Pulmonary Thromboendarterectomy: Three Goals of PTE Surgery
- Improve blood flow (hemodynamics) from the right side of the heart through the pulmonary arteries.
- Improve symptoms and quality of life. Enable a clear pathway for the blood to engage in normal gas exchange so that the patient can breathe easier.
- Prevent heart failure and premature death. Alleviate stress on the right side of the heart by correcting the pulmonary hypertension.
What Happens During PTE Surgery?
PTE is an 8- to 10-hour procedure that involves opening the chest and attaching the patient to a heart-lung bypass machine, then cooling the patient’s body to about 64-68 degrees Fahrenheit. The cold temperature reduces the body's need for oxygen and provides organ protection during this unique surgery. For the critical parts of the surgery, the surgeons turn off the heart-lung machine, stopping circulation for up to 20 minutes, to create a bloodless surgical field. Then the surgeons open the arteries blocked by chronic clots and scar tissue. They repeat the on-off process with the heart-lung bypass machine until all of the obstructing material is removed.
Who Is a Candidate for PTE?
Pulmonary hypertension caused by chronic emboli is a “surgical disease,” meaning it is treatable with PTE surgery.
We feel that lung transplantation should not be a first option for patients with chronic thromboembolic disease. We consider that treatment to be outdated and potentially unethical as it diverts a precious resource away from another end-stage lung disease patient who could benefit from the organs. Furthermore, in experienced centers, the PTE operation has a lower operative mortality rate than lung transplantation. PTE can also be done electively without waiting for a donor, and without the potential long-term problems associated with rejection and immunosuppressive drugs following transplantation.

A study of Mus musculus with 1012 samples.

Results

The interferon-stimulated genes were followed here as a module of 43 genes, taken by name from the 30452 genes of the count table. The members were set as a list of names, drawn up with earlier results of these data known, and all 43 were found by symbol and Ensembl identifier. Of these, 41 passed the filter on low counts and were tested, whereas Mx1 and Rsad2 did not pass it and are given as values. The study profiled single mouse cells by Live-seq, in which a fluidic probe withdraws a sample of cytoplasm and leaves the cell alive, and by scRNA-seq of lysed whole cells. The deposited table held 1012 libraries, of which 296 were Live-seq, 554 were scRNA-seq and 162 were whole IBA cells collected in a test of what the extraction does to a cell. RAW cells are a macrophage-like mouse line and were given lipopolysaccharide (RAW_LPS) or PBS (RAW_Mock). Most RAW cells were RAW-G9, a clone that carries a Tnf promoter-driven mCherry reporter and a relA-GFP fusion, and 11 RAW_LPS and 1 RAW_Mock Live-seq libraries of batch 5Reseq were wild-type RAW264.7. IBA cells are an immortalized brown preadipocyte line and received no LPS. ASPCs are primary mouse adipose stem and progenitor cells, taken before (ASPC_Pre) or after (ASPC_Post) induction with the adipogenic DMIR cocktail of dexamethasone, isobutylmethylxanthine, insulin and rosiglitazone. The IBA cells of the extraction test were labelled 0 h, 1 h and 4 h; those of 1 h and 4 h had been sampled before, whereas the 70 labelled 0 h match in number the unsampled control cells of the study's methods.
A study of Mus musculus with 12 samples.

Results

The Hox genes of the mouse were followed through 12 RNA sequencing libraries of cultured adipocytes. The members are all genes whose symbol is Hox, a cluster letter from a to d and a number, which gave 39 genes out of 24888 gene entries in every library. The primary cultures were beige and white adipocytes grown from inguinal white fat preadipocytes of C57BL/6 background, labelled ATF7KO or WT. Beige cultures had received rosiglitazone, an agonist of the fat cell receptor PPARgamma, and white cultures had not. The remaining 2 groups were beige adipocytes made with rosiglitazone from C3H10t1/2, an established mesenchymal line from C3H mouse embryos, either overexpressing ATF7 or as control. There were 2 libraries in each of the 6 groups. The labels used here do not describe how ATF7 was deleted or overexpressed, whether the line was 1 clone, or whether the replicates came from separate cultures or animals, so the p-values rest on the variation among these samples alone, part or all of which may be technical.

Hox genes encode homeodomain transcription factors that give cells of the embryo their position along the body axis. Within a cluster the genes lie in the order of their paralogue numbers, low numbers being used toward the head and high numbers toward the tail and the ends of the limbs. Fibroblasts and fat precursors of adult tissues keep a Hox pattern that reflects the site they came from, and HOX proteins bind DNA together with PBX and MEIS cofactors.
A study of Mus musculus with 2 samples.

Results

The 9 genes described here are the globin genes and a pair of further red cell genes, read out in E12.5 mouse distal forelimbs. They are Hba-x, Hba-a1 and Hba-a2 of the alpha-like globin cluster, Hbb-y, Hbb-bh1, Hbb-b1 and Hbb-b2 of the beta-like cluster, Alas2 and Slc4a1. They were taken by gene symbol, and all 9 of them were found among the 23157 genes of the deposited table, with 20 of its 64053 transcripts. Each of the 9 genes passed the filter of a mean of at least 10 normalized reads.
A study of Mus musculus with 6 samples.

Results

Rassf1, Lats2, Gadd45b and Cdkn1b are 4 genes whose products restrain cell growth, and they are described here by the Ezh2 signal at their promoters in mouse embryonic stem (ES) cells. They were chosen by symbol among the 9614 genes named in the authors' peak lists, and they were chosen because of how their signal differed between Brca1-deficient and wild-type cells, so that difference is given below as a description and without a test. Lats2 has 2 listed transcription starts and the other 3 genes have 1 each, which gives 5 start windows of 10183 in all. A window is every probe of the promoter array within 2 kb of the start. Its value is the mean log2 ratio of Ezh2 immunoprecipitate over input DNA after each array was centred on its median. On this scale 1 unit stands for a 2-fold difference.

Who is Not a Candidate for PTE?
Video: Hear from UC San Diego PTE Patients
Patients who have undergone PTE at UC San Diego talk about their new "normal" lives.
If a patient has a concomitant disease or condition unrelated to pulmonary hypertension that would limit his or her near-term survival, PTE may not be advised. A patient with severe pulmonary fibrosis along with CTEPH, for example, may be a candidate for
lung transplantation rather than PTE. The determination of operability often, and ideally, has to be done in person and with a series of specialized tests at a center experienced in CTEPH and PTE.
For individuals who are not candidates for PTE surgery, our team also offers balloon pulmonary angioplasty and medical therapy.
Personalized Care at UC San Diego Health
We pride ourselves on the personal attention given to each patient and his or her family members. Moreover, we will work closely with your personal physician so that when you return home, your doctor will have a thorough understanding of the care you received at UC San Diego, as well as the follow up regimen required.
Read more about planning your PTE surgery at San Diego Health.